Detroit businessman tries to fire third lawyer in land deal fraud case

Last month, Robert Carmack's first legal team barely made it past introductions before he let them go. 

"We only wish him the best, these things happen," said attorney Mike Rattaj.

Carmack's second choice for a legal team never even made it into court. Then he asked to get rid of his third defender.

"We had a disagreement yesterday, she hung up the phone on me," said Carmack. "She hung up the phone on my other attorney and I just don't think she's done enough on my case to prepare herself for this."

With the opposition in constant flux, prosecutor Patrick McCombs was almost left speechless - almost.

"I don't know what to say when lawyers ask to withdraw," McCombs said.

State police drop extortion investigation of businessman

Carmack says he is just looking for the right attorney. After all, his neck is on the line.

Detroit officials say Carmack ripped the city off by selling a piece of land in southwest Detroit for $1 million without paying for it.

Carmack says he was sent the deed for the property to make up for another land deal the city backed out of, and that he is innocent of fraud.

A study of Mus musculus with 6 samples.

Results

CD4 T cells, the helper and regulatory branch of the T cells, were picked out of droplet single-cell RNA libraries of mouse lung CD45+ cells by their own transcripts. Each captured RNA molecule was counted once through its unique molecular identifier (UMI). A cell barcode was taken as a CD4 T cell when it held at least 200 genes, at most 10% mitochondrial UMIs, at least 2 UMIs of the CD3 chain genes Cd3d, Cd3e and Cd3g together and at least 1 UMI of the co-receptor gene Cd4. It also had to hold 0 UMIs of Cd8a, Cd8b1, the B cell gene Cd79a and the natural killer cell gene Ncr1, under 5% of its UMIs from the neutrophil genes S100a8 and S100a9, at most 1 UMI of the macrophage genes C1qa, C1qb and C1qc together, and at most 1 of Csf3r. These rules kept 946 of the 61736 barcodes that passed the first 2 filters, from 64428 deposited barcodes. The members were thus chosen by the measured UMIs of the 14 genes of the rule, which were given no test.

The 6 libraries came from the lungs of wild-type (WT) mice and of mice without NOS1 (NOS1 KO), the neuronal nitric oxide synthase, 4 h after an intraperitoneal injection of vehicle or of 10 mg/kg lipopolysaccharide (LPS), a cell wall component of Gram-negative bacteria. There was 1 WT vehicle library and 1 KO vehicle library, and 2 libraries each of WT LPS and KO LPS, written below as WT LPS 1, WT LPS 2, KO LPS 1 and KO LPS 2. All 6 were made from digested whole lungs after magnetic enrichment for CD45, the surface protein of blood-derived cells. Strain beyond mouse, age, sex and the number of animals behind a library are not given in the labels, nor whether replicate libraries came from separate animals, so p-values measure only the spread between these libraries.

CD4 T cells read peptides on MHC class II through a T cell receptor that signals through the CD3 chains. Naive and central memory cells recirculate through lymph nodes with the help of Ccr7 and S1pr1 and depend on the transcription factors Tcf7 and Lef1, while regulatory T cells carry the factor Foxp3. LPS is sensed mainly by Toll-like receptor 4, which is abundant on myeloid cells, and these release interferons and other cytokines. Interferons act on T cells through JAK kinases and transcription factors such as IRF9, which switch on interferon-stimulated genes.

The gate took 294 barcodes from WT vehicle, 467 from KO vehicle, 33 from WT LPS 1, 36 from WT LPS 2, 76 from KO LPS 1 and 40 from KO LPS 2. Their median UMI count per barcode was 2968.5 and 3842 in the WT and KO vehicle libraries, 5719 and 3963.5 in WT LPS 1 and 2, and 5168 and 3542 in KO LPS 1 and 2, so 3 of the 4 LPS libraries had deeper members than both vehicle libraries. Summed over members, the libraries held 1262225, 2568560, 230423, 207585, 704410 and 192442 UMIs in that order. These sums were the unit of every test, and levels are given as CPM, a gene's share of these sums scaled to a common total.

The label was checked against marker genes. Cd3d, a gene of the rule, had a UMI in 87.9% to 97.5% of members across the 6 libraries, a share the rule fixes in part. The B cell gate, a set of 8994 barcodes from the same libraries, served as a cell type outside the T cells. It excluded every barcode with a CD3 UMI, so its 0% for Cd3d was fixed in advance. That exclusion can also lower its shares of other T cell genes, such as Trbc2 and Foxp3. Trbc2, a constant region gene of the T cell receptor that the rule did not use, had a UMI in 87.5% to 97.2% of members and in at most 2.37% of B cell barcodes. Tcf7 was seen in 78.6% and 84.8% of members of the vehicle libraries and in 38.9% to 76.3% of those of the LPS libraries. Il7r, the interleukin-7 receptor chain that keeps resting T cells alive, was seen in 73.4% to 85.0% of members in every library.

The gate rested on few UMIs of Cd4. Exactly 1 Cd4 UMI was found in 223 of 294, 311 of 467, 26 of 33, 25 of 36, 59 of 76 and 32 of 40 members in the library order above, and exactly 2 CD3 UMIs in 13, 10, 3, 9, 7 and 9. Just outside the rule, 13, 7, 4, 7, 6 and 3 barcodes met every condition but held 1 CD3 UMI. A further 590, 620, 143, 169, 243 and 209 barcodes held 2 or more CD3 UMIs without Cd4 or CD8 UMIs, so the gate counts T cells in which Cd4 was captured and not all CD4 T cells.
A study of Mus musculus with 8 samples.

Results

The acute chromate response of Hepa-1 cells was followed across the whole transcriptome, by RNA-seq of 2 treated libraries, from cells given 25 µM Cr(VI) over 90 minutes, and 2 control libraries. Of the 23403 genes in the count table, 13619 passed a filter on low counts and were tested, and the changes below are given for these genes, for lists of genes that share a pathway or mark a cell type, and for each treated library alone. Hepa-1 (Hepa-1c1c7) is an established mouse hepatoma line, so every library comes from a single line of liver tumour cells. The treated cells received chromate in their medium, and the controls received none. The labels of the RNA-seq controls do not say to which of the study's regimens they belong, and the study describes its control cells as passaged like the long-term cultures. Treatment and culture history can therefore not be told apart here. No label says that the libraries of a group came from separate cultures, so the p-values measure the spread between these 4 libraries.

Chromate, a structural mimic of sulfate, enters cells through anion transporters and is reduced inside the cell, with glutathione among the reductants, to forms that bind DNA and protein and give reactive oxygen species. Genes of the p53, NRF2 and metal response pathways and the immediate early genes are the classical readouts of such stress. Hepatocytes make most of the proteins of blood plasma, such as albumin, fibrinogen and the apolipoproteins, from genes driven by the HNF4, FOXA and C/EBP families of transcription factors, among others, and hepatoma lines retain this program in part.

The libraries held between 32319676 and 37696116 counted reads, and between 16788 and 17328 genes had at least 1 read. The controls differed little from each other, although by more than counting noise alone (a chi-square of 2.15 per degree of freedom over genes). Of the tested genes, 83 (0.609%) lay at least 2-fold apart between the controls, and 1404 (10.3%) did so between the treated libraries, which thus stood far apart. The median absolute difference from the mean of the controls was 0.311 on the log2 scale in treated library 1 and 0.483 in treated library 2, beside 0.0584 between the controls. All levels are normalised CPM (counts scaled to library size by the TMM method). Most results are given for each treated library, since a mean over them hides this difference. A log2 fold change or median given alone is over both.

The prosecutor told Judge Cylenthia LaToye Miller, Carmack is trying to pull another fast one, this time trying to avoid a trial.

"This is strategy on the part of the defendant to avoid his liability," said McCombs.

The judge decided to wait on deciding whether Mayor Mike Duggan can be called to testify, but she told Carmack his preliminary examination would go on as scheduled.

"I said no further adjournments, and that is exactly what I meant," Judge Miller said.

By then, there wasn't much time to hear evidence that will help the judge decide whether the case will go to trial. Only one witness took the stand before the matter was put on hold - again.

This case will be back in court on March 12. And the day after that, the judge is scheduled to rule whether Mayor Mike Duggan will have to sit for a deposition.